How do you photograph something that has no physical form? This is the question that began to preoccupy Jacobia Dahm during her year of study at the International Center of Photography.
As a portrait photographer whose clients were mainly families and children, Jacobia wanted to expand her horizons. After being accepted into the MFA program at ICP, however, she had doubts about pursuing photography as an art form. On a visit to her home in Germany, she enrolled in a one week documentary photography workshop. ”I shot in a veterinarian clinic for goats and pigs and I loved the work,” she said. “It suddenly was clear to me I wanted to be a documentary photographer. I applied to the photojournalism and documentary photography program at ICP and got in.”
I asked her how she arrived at the idea of photographing people, mostly women, who travel hundreds of miles to visit their incarcerated relatives, many of whom are non-violent offenders serving life sentences with no chance of parole.
“I have always had an interest in social justice stories, but I think the teachers I encountered in my first term at ICP were reinforcing ideas I had about the world and how to engage with it,” she said. “It's a kind of thinking about photography that merges philosophy with sociology and psychology. I had heard a few times in class that you should photograph what you think cannot be photographed. That is exactly what you should be after—you throw yourself into the middle of all that—without questioning how you will actually make photographs that tell a story.”
She found out about a private bus service that picks up prison visitors between 10pm and midnight for the all night journey to penitentiaries located in upstate New York and Pennsylvania. The first time she went, she said, they waited more than two hours, at a bank lobby near Columbus Circle. “It was freezing outside and I was very close to giving up. But I thought of my fellow photographers at ICP who I knew were thinking of me getting on that bus.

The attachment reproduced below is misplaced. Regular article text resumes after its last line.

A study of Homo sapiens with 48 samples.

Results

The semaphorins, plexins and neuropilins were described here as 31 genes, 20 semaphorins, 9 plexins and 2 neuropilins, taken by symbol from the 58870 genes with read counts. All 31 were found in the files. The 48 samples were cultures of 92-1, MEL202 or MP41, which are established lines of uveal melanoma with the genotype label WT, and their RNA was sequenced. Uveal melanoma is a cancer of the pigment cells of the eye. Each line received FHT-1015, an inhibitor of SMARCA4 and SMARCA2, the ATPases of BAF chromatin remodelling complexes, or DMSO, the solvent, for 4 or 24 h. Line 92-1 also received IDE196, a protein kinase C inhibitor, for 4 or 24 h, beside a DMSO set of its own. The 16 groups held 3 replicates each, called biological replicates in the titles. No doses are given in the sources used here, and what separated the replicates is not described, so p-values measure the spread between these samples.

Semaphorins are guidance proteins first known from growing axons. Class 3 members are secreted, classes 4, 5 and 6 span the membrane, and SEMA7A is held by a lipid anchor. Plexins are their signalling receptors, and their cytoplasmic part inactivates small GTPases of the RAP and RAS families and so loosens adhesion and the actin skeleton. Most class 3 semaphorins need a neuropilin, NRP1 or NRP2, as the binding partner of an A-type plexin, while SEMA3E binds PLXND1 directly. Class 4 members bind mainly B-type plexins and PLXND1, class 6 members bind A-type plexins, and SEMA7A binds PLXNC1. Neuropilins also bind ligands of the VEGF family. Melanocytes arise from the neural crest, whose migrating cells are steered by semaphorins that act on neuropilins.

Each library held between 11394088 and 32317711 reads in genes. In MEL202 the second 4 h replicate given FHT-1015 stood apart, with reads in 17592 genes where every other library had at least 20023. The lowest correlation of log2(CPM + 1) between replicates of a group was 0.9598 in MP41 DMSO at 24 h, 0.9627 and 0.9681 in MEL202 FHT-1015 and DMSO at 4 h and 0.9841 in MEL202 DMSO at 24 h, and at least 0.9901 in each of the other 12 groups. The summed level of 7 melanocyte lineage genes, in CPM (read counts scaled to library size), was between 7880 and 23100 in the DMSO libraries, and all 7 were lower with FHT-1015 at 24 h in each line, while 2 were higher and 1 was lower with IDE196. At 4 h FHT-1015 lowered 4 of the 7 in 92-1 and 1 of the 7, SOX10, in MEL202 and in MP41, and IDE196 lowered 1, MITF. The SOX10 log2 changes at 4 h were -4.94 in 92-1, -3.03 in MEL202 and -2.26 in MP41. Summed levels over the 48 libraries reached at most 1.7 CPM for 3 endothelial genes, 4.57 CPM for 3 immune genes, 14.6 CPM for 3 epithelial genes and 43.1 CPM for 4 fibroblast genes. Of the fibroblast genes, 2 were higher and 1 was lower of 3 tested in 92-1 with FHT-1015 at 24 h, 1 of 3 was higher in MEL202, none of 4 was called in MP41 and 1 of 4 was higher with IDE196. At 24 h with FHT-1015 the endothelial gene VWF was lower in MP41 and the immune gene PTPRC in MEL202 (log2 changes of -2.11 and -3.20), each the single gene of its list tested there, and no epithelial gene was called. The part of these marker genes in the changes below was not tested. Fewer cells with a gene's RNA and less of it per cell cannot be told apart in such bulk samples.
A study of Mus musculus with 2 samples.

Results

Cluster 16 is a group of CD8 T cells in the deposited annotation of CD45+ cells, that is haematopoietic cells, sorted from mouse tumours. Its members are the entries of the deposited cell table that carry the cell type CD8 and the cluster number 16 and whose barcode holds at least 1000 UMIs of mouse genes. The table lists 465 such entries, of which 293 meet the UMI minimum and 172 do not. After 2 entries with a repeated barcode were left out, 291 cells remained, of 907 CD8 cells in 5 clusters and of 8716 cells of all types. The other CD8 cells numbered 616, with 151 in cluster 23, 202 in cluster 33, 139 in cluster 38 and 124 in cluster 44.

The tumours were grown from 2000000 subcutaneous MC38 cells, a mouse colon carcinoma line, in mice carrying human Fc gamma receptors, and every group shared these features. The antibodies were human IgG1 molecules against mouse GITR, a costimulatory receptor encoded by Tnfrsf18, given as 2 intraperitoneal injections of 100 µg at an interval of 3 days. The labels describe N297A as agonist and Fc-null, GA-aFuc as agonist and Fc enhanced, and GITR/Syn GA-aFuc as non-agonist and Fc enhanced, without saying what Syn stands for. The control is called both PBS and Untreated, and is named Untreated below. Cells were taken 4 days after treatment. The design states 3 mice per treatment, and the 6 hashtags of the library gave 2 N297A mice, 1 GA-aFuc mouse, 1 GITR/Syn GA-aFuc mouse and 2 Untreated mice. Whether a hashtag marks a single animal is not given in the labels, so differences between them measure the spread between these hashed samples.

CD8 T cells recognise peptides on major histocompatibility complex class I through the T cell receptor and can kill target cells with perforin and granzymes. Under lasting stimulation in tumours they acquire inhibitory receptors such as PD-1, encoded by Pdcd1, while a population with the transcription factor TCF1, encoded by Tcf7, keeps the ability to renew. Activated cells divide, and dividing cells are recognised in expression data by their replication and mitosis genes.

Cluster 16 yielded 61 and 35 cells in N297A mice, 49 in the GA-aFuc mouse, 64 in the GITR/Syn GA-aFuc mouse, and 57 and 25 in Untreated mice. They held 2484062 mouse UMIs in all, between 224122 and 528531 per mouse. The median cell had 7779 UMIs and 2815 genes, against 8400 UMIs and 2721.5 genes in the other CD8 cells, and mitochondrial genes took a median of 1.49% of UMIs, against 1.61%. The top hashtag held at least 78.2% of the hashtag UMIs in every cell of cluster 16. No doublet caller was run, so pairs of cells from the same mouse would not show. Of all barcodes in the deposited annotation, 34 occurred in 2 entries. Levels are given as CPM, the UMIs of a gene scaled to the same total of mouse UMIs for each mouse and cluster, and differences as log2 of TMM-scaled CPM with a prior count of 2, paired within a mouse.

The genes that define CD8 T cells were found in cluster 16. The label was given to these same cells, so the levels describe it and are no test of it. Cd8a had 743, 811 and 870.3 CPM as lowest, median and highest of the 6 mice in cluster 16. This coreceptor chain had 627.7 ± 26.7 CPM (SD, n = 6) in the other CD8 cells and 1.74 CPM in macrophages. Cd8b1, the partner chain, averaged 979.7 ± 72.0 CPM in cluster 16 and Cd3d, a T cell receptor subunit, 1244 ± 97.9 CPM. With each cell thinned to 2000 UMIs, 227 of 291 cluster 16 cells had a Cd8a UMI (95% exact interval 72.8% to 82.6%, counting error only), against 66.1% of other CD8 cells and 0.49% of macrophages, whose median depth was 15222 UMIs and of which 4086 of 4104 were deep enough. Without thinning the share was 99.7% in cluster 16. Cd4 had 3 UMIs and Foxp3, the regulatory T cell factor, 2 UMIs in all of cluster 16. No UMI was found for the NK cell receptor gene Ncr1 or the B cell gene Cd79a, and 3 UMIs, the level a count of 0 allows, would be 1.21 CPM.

“We drove all night, barely talked, and it felt otherworldly; I was the only white person on the bus, with a big camera around my neck, thinking: we are now driving almost to the Canadian border.” This was the first of six trips she made between March and May this year.
“The next morning we stopped in front of Attica State Prison before the sun came up,” she continued. “We waited on the bus for an hour. As the sun rose slowly, I kept scratching the ice off the window to see the building, which is barely visible. There was no sound in the bus, only my camera clicking.”
“The first couple of times I made the trip, I did not take many pictures on the bus. I photographed around the town instead.” Jacobia walked the mile and a half to the village and went to the coffee shop, which was mainly populated by retirees—friends who would meet in the only local hangout. On telling them about her photography project, she immediately made new friends, who drove her around, then back to the prison in time to catch the bus home.
Gradually she began to connect with the people on the bus. “I took some pictures and brought them prints on the next trip,” she said. “One thing that helped me connect to the mostly women travelers on the bus, as many of them were mothers, was that I too was a parent and could not imagine having to bring my children on such a long and difficult journey. I think it was rare for many of these women to find any kind of compassion, and it might have helped for them to open up to me.”
I asked Jacobia what she hoped to accomplish with this work. “More than 2.7 million children in the U.S. have an incarcerated parent and around 10 million American children have experienced parental incarceration at some point in their lives, she said. “Those are staggering numbers! And no one seems to care about the rights of the children of the incarcerated. There are many prisoners who are dangerous and a high risk to society, but for the most part US prisons are full of people who are not."
“After my project was published in the New York Times Lens.Blog," she added, "I received a lot of emails from people telling me how moved they were, and how they felt for the travelers on the bus. I also heard from people who had an incarcerated family member who were surprised that someone was compassionate about their situation; they simply weren't used to this. But change might be coming; for the first time the entire political spectrum in the US agrees that the prison system needs to change and so now might be the right time to ask what the point of incarceration should be.”
All photographs © Jacobia Dahm, a documentary storyteller and portrait photographer based in New York and Berlin.